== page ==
On July 26, 2021, a brave analyst decided to buck the herd and publish an article exposing the folly of the valuation of two then-hot electric vehicle stocks, Lordstown Motors (RIDE) and Proterra (PTRA) . As news of Proterra's bankruptcy filing Monday "shocked" investors on the heels of Lordstown Motors' similar filing on June 27 of this year, I had to fire up Google and find that brave analyst.
The article was published on this very platform, Real Money, and the analyst was....yeah, it was me.
As the equity in Proterra is now as worthless as the equity in Lordstown Motors has become, it is time to ask the question: how did the markets get it so wrong? The answer is a combination of hubris, herd mentality, and just some good old-fashioned Wall Street bubble stupidity.
Space constraints limit my ability to delve into the company-specific details of RIDE and PTRA, and, frankly, that level of research is proprietary to my firm, Excelsior Capital Partners and our clients. Occasionally we get one right, or, in this case, two.
Both RIDE and PTRA were products of SPAC deals, and, really, that should have been the first clue that something might be fishy about these two companies. Typically vehicular companies would go through the heavily-vetted process of filing an IPO, a process I was part of for several companies during my years as a sell-side autos analyst. But Proterra and Lordstown Motors took shortcuts to get access to the public equity markets...and shortcuts are often expensive.
Proterra is particularly offensive to me as a free-markets advocate as the company hoovered up as much public funding as possible, while cultivating (bribing?) politicians to get these sweetheart deals. As has been widely reported, current Biden Administration Energy Secretary Jennifer Granholm previously served on Proterra's Board of Directors. This obvious conflict of interest led to public outcry, and eventually Granholm's disposal of her stake in PTRA in May 2021, two months before my Real Money article was published.
Those share sales reportedly netted Granholm a capital gain of $1.6 million. Today those shares would be essentially worthless.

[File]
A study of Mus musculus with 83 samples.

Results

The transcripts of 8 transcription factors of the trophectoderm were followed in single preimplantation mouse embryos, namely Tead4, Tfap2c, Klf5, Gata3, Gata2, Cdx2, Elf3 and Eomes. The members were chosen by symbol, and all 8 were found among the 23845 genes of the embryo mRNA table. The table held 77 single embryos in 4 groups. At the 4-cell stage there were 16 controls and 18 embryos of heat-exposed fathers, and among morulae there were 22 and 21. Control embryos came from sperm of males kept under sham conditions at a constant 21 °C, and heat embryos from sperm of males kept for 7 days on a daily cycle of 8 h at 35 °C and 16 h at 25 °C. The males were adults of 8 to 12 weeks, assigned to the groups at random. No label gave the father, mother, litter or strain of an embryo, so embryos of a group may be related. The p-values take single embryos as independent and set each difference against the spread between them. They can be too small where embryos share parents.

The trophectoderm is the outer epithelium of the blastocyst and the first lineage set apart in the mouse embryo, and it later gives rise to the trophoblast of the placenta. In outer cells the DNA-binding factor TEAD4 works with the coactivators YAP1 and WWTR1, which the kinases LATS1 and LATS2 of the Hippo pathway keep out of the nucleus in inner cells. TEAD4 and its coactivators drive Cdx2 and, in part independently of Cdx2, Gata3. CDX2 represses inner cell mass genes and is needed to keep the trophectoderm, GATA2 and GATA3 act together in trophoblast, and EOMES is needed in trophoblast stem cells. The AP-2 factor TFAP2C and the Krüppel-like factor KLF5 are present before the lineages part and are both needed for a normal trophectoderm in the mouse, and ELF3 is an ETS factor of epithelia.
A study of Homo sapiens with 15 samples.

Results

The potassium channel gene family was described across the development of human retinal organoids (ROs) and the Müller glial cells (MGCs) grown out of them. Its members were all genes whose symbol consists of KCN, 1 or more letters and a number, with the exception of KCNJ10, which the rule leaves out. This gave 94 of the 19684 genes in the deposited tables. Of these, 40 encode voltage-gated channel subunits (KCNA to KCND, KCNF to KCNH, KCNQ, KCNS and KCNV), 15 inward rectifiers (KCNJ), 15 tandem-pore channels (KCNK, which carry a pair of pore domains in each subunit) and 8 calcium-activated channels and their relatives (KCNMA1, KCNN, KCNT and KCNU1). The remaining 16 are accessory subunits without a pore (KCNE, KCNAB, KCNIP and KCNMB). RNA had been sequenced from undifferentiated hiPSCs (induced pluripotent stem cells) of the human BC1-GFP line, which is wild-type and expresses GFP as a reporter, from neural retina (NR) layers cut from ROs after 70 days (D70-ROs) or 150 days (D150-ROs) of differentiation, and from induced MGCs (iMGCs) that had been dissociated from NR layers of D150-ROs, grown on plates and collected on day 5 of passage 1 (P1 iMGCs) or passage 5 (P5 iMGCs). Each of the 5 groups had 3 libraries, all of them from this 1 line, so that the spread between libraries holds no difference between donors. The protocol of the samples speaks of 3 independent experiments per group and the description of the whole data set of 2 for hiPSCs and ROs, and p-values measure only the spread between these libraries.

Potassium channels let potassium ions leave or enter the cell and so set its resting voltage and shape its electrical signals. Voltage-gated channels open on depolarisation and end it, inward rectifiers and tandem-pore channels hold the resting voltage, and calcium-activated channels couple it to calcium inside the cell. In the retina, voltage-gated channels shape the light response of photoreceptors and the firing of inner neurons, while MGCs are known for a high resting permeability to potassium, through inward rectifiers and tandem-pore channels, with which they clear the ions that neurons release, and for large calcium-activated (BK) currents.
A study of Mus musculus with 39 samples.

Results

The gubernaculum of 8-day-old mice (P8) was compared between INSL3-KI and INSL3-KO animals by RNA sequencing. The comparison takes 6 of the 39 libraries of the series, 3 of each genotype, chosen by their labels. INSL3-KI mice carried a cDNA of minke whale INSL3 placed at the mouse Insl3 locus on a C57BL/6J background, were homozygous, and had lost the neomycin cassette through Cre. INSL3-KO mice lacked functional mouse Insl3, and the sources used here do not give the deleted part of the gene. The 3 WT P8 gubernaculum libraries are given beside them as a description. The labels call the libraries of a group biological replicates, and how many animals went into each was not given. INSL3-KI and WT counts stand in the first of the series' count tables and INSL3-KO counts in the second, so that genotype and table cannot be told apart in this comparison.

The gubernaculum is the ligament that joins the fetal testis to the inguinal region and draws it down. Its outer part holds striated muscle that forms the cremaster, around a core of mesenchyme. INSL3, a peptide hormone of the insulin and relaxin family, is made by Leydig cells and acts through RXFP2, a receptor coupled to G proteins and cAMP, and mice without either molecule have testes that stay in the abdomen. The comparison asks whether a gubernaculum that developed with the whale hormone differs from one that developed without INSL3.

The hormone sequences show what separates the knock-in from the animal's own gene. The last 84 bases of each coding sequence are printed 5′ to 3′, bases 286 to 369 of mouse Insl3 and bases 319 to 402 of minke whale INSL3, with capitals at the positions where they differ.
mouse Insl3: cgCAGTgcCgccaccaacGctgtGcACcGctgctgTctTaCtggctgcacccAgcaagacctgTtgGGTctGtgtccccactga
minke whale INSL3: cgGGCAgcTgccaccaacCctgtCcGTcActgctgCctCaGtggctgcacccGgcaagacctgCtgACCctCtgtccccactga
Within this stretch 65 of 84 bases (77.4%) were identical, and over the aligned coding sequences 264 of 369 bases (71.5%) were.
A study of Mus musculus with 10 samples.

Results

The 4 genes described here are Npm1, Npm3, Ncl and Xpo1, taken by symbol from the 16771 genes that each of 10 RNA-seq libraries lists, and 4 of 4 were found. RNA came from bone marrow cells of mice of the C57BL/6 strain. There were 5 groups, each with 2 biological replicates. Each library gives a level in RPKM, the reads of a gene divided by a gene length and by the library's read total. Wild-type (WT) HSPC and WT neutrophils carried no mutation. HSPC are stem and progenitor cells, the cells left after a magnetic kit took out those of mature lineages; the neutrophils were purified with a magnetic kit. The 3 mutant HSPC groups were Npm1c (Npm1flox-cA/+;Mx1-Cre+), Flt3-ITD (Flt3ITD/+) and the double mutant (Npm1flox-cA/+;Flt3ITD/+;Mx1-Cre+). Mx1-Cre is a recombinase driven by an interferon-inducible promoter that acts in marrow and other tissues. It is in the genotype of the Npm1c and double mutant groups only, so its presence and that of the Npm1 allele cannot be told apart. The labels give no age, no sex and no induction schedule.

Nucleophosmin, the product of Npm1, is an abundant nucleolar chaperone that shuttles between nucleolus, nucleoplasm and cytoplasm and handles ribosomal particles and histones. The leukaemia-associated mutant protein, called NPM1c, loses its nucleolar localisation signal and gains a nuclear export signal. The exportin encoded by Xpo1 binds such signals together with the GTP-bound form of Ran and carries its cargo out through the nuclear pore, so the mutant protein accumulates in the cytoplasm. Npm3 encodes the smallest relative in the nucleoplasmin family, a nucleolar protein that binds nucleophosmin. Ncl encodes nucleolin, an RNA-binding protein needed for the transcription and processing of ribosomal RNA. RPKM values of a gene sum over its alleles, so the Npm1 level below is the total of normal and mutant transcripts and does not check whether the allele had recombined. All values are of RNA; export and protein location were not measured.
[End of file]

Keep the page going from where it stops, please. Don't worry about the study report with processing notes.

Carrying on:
Friends in high places cannot compensate for poor performance, though, and Proterra's buses had a terrible record in municipal use, specifically in Philadelphia, the example I mentioned in that July 2021 Real Money article. It just makes no sense to put batteries on an EV bus on the roof. It is a Rube Goldberg-style workaround that anyone with any engineering background should understand. The batteries need to be under the floor, as a solution used by Vicinity Motors (VEV) , a company that I have also mentioned - in a much more positive context than my mentions of PTRA - in my Real Money columns, and by other EV bus manufacturers, as well
But at least Proterra made buses, albeit awfully-performing ones. It is unclear to me whether Lordstown Motors ever made anything, let alone commercializing actual units of their highly-touted medium-duty EV truck, the Endurance.
RIDE somehow managed to con Foxconn into a joint manufacturing deal at RIDE's facility in Ohio, a former car plant for GM - which I know from years of experience is a very easy management team to con, as happened with RIDE, in which GM was an early investor - but Lordstown Motors never fulfilled all, or, possibly "any", of the requirements of that deal with Foxconn, and that led to technical default, which, inevitably, became very real default.
Equity worthless... again. Two for two!!!!
Just don't get conned. The job of an equity analyst, as my old Lehman Brothers colleague and legendary industrials analyst Bob Cornell used to say, is to be a "professional cynic".
The lack of cynicism in bubble years is so predictable... and so expensive. I am launching a new product, The Rising, that will deal with such situations. I have named it as a nod to those brave souls who rise against the insanity of climate change hysteria.
Touting investment in soon-to-be-insolvent EV companies is just one symptom of the disease of ESG investing, but there are many from which to choose. Those choices, as in the cases of RIDE and PTRA, can be lucrative for perceptive traders. Short-sellers can indeed make great profits through the falling.
Keep your eyes open. And come on up for The Rising. Your portfolio value, hopefully, will fit that title.